Violence, Music And Hardcore In New York: Agnostic Front
In the early 1980s, CBGB’s became the undisputed birthplace and home of East Coast hardcore. The owner of the club, Hilly Kristal, did a lot for underground music in general – but what really established the hardcore scene were the classic CBGB hardcore matinees. The late night shows were sometimes considered intimidating; it was a little safer to go to the city and see a punk show during the day rather than taking that journey to the Mudd Club or CBGB’s on the Lower East Side.
One of the bands integral to that scene was Agnostic Front. A memoir written by the band’s 53-year-old Cuban lead singer Roger Miret, called My Riot: Agnostic Front, Grit, Guts, and Glory, explores his life – his chaotic upbringing, his rapid ascension to becoming a hardcore king and then his descent into crime. We talked to Miret about squatting on the Lower East Side, why he became a singer, and the circumstances that led him to prison.
Via Dazed Digital
You ended up on the streets of the Lower East Side when you were a kid in the early 1980s – what was that like?
Roger Miret: That was a safe haven for me, believe it or not. You look at these pictures and you look at everything and you’re like “what the fuck.” It looked like hell. It was definitely living in hell amongst the criminals and people that had mental issues, physical issues, junkies, everything. It was just crazy. It was hell, but a safe haven. I found people like me that had similar journeys, similar backgrounds. We were a bunch of misfits and rebels, a bunch of hooligans, but we all found each other. We found each other through music and we started to hang out. It felt like this real constant buildup of a family. We became a tribe. We became a force within ourselves and we protected ourselves. So living in the Lower East Side in those squats, in those abandoned buildings, we always lived like a hardcore community. It felt safer than being at home. It’s bizarre. We were all growing up in these buildings, in these places, and we felt safest together.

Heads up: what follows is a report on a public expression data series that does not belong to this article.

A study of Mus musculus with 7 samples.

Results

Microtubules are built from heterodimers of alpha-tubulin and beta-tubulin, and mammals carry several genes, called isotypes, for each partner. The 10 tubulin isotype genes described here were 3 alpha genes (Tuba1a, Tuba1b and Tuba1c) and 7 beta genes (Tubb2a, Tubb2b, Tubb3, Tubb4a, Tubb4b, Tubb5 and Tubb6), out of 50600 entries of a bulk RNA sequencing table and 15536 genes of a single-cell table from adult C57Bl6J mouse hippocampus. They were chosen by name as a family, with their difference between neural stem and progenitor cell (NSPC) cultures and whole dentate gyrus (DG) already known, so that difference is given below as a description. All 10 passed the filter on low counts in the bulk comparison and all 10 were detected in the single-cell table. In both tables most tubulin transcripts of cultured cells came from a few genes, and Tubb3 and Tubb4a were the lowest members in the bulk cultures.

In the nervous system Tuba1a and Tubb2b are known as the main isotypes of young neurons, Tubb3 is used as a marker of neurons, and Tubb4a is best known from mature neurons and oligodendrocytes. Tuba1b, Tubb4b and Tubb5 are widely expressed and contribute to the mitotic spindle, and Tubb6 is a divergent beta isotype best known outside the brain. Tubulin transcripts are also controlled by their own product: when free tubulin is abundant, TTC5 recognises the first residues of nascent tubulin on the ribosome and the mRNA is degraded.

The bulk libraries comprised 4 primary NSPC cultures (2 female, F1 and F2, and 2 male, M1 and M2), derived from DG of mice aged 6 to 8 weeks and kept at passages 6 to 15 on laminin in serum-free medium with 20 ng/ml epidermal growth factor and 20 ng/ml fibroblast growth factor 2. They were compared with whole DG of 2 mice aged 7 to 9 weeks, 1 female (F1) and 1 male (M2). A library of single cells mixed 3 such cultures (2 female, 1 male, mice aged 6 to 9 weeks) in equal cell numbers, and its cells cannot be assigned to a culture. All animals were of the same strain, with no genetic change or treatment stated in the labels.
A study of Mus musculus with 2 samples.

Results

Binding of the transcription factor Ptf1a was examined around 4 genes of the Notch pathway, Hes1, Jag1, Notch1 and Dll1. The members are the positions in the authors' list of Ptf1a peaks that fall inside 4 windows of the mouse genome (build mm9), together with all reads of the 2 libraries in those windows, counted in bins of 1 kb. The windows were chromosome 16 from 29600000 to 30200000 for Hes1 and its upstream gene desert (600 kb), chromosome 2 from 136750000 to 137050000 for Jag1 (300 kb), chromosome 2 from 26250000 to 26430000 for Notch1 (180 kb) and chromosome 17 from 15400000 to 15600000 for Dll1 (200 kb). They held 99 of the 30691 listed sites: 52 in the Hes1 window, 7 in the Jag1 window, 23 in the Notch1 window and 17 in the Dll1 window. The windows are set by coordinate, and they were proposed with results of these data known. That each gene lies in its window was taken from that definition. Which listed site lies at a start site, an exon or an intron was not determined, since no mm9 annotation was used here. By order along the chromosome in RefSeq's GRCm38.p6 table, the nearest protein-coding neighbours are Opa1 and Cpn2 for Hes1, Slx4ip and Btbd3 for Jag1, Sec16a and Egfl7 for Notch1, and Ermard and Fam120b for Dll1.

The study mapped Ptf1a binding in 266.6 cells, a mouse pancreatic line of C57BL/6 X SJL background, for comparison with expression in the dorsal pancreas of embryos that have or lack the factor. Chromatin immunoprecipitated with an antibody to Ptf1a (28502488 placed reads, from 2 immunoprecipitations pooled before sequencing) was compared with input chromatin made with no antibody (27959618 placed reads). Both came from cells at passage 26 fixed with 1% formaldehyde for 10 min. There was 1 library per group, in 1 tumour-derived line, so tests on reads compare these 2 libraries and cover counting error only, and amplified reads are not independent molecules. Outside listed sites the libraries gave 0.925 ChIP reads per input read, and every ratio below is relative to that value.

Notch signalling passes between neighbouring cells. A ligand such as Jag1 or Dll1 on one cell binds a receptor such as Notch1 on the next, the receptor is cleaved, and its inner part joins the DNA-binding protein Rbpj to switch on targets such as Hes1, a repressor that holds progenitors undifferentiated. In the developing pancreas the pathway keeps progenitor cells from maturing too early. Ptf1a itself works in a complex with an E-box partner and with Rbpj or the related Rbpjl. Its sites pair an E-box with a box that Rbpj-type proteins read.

When did you decide that you were going to be a singer and why?
Roger Miret: I was never a singer. I played bass in a lot of bands in New York before they moved forward to establish themselves, then all of a sudden I was asked to sing. I was okay singing and playing bass, but I didn’t feel like I was okay singing with a mic. The only thing that saved me or made it even possible, because I was pretty much an introvert back then, was that these were my friends, these were my peers, so they weren’t going to judge me. I never felt like, OK, shit, I’m going to be judged by everybody, they’re going to think I suck or hate me. That was never something that came across my mind.
We supported each other’s bands. We supported each other’s life. It was very comfortable to do. Which was really awkward for me for who I was as a person, but I never felt intimidated by it. It was a little weird being behind an instrument and then just having a mic to kind of hide behind. It just wasn’t comfortable, and it took a couple of shows, but I became comfortable with it, because I realised that I had great friends and a really great support system.
What was it like being a pioneer of the New York City hardcore scene?
Roger Miret: We came through all walks and paths of life and all kind of different family backgrounds and bands like Agnostic Front and Murphy’s Law, became safe havens. There were a lot of really super important bands that gave birth to this movement. I’ve always said it was a movement. It was a very intimate scene, very close-knit, and very protective of each other. Everybody was in bands or even if you weren’t in a band, everybody always came out to be with each other. That’s where we felt the safest in the ugliest, nastiest, most dangerous place. Imagine traveling out of your nice Queens home or your Long Island home or your Jersey home, to come to this shithole, but this is where you feel safe, which is insane. If you look at that area now you’re like ‘what the fuck is this guy talking about’, but go visit that area in 1980, 81, 82 and it was hell. It was different.
What circumstances led to you ending up in prison?
Roger Miret: Bad choices, flashbacks of my youth, being a kid and basically growing up poor. I just panicked and freaked out. I thought I needed to do what I needed to do to raise a child. Not really thinking about the impact. I was just thinking about the moment. My kid was sleeping in a chest of drawers, in a blanket, and I had no food. I had nothing. There’s roaches, mice, rats, and it was just panic. I wasn’t thinking. It was take this, bring it over here, and you make this amount of money. I wasn’t in the street peddling drugs directly to junkies or anything like that. I was young, dumb and I didn’t think about the chain effect.
I bought this giant package from somebody and I never thought about what was going to happen past that. What was getting out into the streets and destroying thousands of lives. I didn’t know that, that wasn’t clear to me. I wasn’t thinking that far ahead. I didn’t know how much it would hurt people along the chain line, because I was living in the moment. It was just a big mistake. A bad choice and I clearly picked that up later, but unfortunately I had to go through what I had to go through. But overall I took what was a horrible situation and took the best out of it, and to do that is just amazing. It’s strong. To take something so bad and make something positive out it.